I didn't want to miss this one: three English composers from the early 20C pastoral and folksong-collecting school - Ralph Vaughan Williams, Gustav Holst, and George Butterworth - and their mutual teacher, Hubert Parry. One of my favorite clusters of musical composition.
NMCO is always wise to program a little violin concerto that their concertmaster, Colyn Fischer, can play, because he always does that so well. This time it was the most famous work of the entire English pastoral school, VW's The Lark Ascending. Fischer wrote the program note and suggested that the source of its "gravity and depth" is that, while VW conceived and began the piece before WW1, he didn't revise and orchestrate it until afterwards, and that war had changed him like it did everyone who served in it. "This piece is not nostalgic, it yearns for innocence; it is not merely a pastoral, it is an invitation to peace." Nicely put as an explanation of what people hear in it.
Holst, when they're not playing The Planets, is usually represented by the sprightly and dance-like St. Paul Suite, but NMCO music director James Richard Frieman dug out a favorite work of mine which actually put Holst's folksong findings to use. A Somerset Rhapsody would particularly interest some of my readers because it begins, on an oboe, with the same melody for "A Rosebud in June" that Steeleye Span uses on Below the Salt. Combine that with a couple of livelier folk tunes and a return to the quiet beginning and you have the rhapsody.
For Parry, Frieman did an even better turn by presenting what I've long thought must be his best composition, An English Suite for strings, an absolute charmer of cool-minded neoclassical bent. From its seven movements, Frieman excerpted four: the three slow movements (probably the easiest for a nonprofessional orchestra to play), plus the final "Frolic", which is fast and utterly delightful. I defy anyone who likes, say, the Holberg Suite, the Simple Symphony, or Wiren's Serenade, not to put this high in their company.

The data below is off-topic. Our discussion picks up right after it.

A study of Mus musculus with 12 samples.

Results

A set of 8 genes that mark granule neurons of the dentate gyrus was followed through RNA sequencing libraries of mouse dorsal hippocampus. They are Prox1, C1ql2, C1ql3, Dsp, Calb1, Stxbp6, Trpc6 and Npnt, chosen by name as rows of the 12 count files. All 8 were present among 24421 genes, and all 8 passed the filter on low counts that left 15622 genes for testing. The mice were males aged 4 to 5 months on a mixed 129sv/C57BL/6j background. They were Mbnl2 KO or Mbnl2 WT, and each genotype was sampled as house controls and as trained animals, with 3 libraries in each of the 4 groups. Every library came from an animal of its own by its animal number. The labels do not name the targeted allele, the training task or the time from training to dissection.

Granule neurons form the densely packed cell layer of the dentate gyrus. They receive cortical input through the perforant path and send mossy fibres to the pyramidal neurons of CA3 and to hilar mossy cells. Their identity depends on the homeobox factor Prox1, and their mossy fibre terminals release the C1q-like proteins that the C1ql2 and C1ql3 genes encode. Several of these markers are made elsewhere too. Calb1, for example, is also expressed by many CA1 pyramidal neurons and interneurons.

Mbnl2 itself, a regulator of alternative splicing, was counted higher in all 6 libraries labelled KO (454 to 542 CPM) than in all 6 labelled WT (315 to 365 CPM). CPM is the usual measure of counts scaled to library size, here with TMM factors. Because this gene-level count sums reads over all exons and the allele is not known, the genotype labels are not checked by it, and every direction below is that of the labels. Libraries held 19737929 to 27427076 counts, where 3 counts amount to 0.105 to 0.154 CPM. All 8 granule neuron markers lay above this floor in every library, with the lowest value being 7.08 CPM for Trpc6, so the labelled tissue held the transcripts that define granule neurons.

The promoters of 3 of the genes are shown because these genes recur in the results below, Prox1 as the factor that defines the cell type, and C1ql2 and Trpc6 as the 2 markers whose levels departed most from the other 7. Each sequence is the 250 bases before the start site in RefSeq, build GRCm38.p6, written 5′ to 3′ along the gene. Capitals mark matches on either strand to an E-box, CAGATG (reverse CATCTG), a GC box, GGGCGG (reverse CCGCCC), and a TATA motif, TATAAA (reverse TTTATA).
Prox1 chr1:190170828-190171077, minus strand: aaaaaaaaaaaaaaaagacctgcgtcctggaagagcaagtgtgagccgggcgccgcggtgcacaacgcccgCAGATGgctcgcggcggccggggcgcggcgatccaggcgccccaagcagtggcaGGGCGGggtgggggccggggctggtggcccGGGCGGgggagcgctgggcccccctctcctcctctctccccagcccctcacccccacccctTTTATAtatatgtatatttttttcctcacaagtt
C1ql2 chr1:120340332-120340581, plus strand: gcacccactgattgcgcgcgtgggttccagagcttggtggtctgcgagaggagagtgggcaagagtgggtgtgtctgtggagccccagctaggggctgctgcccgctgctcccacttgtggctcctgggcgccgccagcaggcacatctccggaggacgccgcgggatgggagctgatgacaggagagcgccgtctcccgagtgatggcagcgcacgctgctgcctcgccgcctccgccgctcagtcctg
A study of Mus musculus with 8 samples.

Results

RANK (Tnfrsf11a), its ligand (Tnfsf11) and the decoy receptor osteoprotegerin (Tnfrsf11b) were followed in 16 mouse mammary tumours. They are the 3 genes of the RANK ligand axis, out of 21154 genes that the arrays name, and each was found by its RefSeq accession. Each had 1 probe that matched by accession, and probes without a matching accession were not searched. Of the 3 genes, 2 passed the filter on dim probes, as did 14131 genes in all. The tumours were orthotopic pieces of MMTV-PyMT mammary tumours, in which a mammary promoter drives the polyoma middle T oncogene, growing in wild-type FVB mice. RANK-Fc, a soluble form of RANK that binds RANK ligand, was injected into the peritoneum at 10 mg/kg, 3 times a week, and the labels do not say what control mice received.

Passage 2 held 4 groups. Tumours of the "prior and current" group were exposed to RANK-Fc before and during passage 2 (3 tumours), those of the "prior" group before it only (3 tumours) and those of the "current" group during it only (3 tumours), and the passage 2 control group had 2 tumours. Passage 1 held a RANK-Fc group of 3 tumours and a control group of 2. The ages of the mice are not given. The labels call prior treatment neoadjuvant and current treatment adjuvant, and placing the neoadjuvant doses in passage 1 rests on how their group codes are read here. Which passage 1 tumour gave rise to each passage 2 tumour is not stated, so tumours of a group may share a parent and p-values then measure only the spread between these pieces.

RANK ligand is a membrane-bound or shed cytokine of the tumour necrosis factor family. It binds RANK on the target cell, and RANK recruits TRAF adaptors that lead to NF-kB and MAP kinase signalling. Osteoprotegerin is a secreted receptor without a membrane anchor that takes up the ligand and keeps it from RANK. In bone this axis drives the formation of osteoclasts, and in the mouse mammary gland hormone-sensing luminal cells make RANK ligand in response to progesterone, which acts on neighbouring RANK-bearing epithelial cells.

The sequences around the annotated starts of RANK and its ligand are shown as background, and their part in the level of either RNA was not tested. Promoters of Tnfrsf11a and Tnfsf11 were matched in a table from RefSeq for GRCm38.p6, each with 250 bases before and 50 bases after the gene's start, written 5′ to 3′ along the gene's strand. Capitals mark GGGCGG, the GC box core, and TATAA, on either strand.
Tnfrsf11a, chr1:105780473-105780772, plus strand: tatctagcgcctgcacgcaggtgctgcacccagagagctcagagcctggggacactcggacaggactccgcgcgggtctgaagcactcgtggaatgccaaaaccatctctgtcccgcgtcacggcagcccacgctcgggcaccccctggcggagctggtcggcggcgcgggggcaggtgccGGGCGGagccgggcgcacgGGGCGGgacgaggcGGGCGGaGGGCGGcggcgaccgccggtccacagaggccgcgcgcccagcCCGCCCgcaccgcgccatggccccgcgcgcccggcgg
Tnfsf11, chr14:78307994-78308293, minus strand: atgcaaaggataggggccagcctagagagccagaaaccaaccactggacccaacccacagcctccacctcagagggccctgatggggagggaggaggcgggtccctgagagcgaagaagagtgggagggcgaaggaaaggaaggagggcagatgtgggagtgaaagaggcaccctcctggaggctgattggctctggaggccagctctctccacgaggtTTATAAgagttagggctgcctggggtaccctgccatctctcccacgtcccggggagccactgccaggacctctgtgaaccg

Butterworth, a close friend of VW's, is the least-known of these, and that's because his career was cut short when, like Tolkien's friend Rob Gilson, he was killed while serving on the Somme. Butterworth was 31, old enough to leave some legacy behind him, including two orchestral works played at this concert. The Banks of Green Willow is, like Holst's rhapsody, based on folk song melodies. His Shropshire Lad Rhapsody is not - its main tune comes from Butterworth's own setting of one of the Housman poems - but it's a big and powerful piece that received an effective performance to close this concert.
This was not the only concert I got to this weekend. On Friday I made a beeline for Bing for more VW. Too often I hear his magnificent choral monument A Sea Symphony in bad acoustics, and here was a chance to hear it in good acoustics. The acoustics were fine, though the performance by a Stanford student orchestra and choir was merely OK, and I suspect that it's simply that the conductor, Steve Sano, doesn't have full command over a work of such magnitude. The orchestra sounded pretty good and the chorus sounded very good. The soprano, Marnie Breckenridge, is a professional, while the baritone, Kenneth Goodson, is a moonlighting engineering professor. But wait, he's professionally trained as a singer (he even studied with Fischer-Dieskau), yet he had trouble carrying his voice.
Also on the program, a perky little flute concerto by Jacques Ibert, played by an undergraduate named Nnamdi Odita-Honnah. His parents are immigrants from Nigeria, he grew up in Texas, and he took up the flute, at which he is impressively talented.
And on Saturday, I heard Symphony Silicon Valley, and for that you'd best wait for my SFCV review to appear in a day or two.